A new station launches, and listeners quickly abandon their current stations and switch. Initially listeners think the new format is wonderful. Listeners overlook the bad songs, the weak jocks, and marketing that hasn’t quite jelled.
The station has a brief honeymoon to fix things up, but if it doesn’t, the station’s flaws will become more irritating, and listeners will abandon the new station drifting back to the stations they listened to before.
We believe digital alternatives to terrestrial radio will follow this same arc. Digital audio initially elicited wonderment. People were astonished with all the new digital alternatives to terrestrial radio. Satellite, streaming, and online radio stations were shiny and bright. The expense, the inconvenience, and poor content were ignored.
Over time, however, the novelty wears off. Whether it is the expense, the inconvenience, or poor content, the weaknesses become more apparent and more irritating.
We believe we are well into the second phase of familiarity, and perhaps now moving towards contempt.
Satellite has stalled and is now losing subscribers. New streaming services are not expanding the options, but rather replacing the services that are failing.
Blind confidence that digital audio will succeed has been replaced by serious discussions on whether advertising based services can survive. As we recently noted, British commentators have flatly declared the advertisement based model DOA. Slacker, Pandora, and Spotify have all added pay tiers in hopes of generating additional revenue.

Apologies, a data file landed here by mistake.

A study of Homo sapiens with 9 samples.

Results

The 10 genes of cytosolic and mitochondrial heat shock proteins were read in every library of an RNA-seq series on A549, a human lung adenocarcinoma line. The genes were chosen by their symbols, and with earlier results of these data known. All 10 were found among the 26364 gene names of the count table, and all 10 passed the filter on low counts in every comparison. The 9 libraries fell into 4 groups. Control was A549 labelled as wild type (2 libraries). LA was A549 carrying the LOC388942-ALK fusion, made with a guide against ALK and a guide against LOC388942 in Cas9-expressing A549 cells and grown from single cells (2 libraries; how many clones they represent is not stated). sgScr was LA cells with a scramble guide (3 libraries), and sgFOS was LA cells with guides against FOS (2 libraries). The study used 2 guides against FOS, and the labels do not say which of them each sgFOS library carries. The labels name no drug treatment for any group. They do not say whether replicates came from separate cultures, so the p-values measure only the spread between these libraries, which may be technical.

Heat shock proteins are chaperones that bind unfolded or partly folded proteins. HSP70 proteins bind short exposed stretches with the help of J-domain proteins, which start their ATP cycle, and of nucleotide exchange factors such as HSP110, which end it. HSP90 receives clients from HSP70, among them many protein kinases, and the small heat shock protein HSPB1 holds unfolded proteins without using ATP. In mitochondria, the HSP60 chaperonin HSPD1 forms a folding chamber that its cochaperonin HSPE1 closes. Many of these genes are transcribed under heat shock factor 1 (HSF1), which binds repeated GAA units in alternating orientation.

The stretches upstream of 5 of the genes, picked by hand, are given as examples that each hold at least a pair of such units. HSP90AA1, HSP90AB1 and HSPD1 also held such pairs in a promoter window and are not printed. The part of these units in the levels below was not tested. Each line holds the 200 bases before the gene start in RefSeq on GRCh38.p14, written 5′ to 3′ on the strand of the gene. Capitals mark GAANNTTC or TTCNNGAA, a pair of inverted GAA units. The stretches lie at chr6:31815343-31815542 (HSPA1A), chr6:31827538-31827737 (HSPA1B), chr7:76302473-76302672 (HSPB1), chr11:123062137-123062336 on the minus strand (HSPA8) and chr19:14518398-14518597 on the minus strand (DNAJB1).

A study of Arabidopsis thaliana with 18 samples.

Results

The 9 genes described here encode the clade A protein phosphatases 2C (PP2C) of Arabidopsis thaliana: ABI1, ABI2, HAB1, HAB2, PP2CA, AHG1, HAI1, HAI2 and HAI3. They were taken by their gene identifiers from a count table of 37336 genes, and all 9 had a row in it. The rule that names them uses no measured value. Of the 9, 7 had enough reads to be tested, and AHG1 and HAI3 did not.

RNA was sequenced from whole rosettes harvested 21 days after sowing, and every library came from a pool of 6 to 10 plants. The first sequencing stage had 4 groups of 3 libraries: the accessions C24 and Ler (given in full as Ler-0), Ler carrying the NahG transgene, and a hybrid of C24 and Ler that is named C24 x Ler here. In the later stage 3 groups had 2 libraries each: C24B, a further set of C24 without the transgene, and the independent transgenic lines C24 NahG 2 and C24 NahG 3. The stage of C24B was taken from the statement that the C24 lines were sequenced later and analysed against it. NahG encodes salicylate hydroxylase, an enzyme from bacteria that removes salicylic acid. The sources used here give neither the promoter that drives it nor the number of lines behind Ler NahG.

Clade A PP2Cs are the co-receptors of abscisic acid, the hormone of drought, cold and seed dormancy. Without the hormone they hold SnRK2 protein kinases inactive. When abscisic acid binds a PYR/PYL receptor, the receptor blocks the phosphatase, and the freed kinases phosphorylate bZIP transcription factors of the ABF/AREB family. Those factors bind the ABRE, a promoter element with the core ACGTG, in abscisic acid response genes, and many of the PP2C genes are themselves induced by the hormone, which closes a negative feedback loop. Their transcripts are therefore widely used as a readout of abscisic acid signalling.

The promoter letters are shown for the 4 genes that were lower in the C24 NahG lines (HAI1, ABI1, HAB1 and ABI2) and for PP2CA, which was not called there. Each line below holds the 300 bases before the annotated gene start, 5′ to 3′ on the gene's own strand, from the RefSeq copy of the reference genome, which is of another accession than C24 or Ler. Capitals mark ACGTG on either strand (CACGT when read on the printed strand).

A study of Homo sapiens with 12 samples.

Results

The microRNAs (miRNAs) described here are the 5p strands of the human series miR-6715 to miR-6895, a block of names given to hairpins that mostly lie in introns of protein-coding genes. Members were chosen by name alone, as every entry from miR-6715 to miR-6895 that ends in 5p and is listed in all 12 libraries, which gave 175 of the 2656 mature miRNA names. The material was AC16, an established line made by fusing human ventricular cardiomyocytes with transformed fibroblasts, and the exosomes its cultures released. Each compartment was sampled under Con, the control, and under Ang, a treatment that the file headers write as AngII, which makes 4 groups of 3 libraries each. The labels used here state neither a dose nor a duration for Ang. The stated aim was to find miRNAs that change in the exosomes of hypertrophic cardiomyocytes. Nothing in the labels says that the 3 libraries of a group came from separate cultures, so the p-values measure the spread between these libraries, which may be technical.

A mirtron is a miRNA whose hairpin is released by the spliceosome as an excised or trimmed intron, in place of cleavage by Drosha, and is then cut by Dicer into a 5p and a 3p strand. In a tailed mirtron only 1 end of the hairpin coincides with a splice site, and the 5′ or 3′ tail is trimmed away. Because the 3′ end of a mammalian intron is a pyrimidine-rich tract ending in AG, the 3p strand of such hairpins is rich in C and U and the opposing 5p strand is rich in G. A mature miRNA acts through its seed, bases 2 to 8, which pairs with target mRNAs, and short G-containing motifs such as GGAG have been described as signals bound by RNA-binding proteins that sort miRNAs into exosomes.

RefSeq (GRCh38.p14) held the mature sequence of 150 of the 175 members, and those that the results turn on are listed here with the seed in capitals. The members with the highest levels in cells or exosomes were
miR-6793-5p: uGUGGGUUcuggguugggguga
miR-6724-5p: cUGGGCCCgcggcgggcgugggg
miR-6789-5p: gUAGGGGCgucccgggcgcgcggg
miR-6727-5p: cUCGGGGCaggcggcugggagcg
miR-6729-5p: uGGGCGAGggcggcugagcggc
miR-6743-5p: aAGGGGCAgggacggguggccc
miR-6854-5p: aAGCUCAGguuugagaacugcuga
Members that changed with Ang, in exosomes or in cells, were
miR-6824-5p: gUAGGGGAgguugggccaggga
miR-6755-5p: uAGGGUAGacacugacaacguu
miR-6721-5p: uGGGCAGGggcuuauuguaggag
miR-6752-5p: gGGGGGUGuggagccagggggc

Further evidence that digital has moved well beyond the astonishment phase is the perception of Madison Avenue. Here’s what Jack Feuer recently wrote in a MediaPost blog appropriately titled Eat or Be Eaten:
Digital agencies get the glory, the money, the girls, the business and the media attention. Sooner or later, though, they'll get theirs. Because they know the tech but they don't understand the art. They also talk a good game.
But there's one word they think they've co-opted, which they will soon discover is the technological equivalent of a window. That word is "content."
The digital communicators don't really get content. They act like it's a commodity. It isn't. It's the heart and soul of communication.
With all of radio’s faults, weaknesses, and recent missteps it remains unchallenged in audio content. Despite digital’s huffing and puffing, terrestrial radio remains in the driver’s seat because radio understands content and owns the best.
Listeners are coming to this realization. Madison Avenue is slowly coming to this realization, and unless radio really screws up, there is little digital can do about it.